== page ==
July 24, 2017
Nitrogen pollution focus of DEP meeting
Water quality scientists and government agencies will meet in Fort Myers Wednesday to talk about the ailing Caloosahatchee River and plans to rid the waterway of tons of nitrogen. More than 11 million pounds of nitrogen flow down the river each year, clouding waters and sometimes feeding algal blooms that can cause fish and marine mammal kills and beach closures.
The Florida Department of Environmental Protection is responsible for developing and executing a plan to clean up the river, and DEP will lead Wednesday's 10 a.m. meeting at the South Florida Water Management District office on McGregor Boulevard.
As dry season persists, Lake Okeechobee is extremely low
At the center of the meeting is pollution levels in the river that were adopted in 2009. From those rules came what's called a Basin Management Action Plan, or BMAP, a tool used to assess water quality conditions and make plans for cleaning up pollution like nitrogen.
"In the lower basin it's going to be getting our wastewater and storm water systems retrofitted, and even where we've got permits for discharge I think we really need to set a goal as a community to get off discharge all together," said Rep. Matt Caldwell, R-North Fort Myers. "Some of that might require advanced wastewater treatment and might include deep well injection for large events — if you get a big storm, what is the better choice?"
The BMAP for the lower portion of the river was adopted in 2012, and the plan requires a review every five years. The meeting is part of the update process. The entire watershed includes the river from Lake Okeechobee to the Gulf of Mexico as well as 37 tributaries and discharging waterbodies. But this phase, which focuses on the lower portion of the river, only accounts for an estimated 15 percent of the nitrogen load. About 85 percent of the nitrogen comes from upstream of a water control structure called the W.P. Franklin Lock and Dam near Olga.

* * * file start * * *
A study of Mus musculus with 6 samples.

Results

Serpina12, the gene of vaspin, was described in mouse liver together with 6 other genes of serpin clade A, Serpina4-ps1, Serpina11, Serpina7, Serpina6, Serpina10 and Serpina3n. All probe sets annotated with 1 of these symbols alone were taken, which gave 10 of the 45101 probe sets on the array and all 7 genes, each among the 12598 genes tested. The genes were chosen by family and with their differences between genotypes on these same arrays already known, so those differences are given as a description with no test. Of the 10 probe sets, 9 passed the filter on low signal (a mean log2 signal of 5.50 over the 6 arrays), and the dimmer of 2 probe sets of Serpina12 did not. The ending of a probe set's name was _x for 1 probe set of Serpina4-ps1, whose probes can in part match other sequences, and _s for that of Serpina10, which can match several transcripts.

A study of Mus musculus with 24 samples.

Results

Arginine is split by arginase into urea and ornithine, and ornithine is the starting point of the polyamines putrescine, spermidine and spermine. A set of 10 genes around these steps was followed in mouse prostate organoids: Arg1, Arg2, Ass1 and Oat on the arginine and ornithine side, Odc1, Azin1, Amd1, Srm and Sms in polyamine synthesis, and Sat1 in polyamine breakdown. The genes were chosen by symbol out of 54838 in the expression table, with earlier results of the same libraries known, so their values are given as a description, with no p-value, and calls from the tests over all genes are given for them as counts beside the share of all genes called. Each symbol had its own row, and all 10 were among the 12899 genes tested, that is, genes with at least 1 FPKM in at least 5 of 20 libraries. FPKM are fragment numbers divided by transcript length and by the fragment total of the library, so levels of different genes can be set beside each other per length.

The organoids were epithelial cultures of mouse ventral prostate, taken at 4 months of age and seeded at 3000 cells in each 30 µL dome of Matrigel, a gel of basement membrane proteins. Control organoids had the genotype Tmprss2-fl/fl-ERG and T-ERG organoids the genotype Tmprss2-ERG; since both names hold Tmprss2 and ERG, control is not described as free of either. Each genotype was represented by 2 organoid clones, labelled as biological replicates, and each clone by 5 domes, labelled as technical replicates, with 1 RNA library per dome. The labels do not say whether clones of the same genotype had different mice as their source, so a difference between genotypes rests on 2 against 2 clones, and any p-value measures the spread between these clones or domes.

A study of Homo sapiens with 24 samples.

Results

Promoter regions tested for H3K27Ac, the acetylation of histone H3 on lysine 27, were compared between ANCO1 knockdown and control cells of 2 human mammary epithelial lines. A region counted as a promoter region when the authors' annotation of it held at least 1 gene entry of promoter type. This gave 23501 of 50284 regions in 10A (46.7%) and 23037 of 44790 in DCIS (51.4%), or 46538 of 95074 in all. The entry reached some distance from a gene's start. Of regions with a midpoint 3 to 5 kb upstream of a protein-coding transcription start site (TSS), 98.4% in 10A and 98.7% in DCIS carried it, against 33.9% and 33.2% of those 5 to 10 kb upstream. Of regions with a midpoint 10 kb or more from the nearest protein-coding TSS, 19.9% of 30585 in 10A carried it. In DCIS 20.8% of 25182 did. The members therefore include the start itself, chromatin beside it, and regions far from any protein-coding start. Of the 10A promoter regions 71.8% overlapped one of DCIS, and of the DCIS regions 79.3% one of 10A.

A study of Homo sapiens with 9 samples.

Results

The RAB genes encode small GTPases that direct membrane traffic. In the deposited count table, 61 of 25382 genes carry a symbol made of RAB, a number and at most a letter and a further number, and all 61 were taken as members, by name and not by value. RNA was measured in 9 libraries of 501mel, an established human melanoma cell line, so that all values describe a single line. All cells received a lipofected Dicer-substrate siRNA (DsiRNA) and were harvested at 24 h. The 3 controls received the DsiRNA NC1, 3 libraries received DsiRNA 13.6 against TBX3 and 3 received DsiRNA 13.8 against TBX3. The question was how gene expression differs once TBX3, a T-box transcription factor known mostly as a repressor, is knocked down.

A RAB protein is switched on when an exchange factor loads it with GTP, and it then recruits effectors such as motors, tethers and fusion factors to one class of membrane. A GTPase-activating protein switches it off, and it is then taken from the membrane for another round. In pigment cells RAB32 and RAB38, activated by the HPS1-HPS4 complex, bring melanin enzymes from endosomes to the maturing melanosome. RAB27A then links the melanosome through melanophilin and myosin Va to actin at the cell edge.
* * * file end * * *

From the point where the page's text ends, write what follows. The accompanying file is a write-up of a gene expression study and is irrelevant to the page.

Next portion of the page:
Lake Okeechobee releases account for about 61 percent of the nitrogen load.
"We would like to see them look at it as a more holistic approach," said Marisa Carrozzo with the Conservancy of Southwest Florida. "You have a plan for reducing phosphorus upstream in Lake Okechobee that was adopted in 2014, but that's only looking at phosphorus. We'd like to see a total nitrogen (maximum) in Lake Okeechobee as well."
DEP says the public can expect “modest” water quality improvements, decreased nitrogen loads and more public awareness about pollution and its sources. Wednesday's presentation will show a Cape Coral catch basin cleanout that reduced the load by 590 pounds of nitrogen and projects completed in other parts of the watershed.
Carrozzo said the Conservancy, one of several groups and government agencies that were part of setting pollution load maximums, would also like the nitrogen estimates to be updated from the 2004 development and land use numbers that have been used as a baseline for the estimates.
"We'd like to see them look at the land use data," Carrozzo said. "(And) we'd like to see actual monitoring of data and trends in the updates. Right now the BMAP shows estimated load reductions and estimates do not give you the full picture of what's happening."
The U.S. Army Corps of Engineers and South Florida Water Management District are heavily involved in the process as these agencies are the ones that actually pay for and construct Everglades restoration projects like the Caloosahatchee Reservoir, or C43. The Caloosahatchee Reservoir is a water storage facility that will be capable of holding about 55 billion gallons of storm water that will be located in Hendry County.
$600M reservoir could hurt rather than help, scientists say
That project will be part of the development of criteria and nitrogen removal plans for the upper portion of the watershed. Caldwell said he has confidence that the long-term process will clean up the river and its estuary.
"I think the BMAP process is a successful one. We’ve kind of cribbed off what they used in Chesapeake Bay 30 years ago and worked that out," he said. "I think the districts take them seriously and are developing good proposals."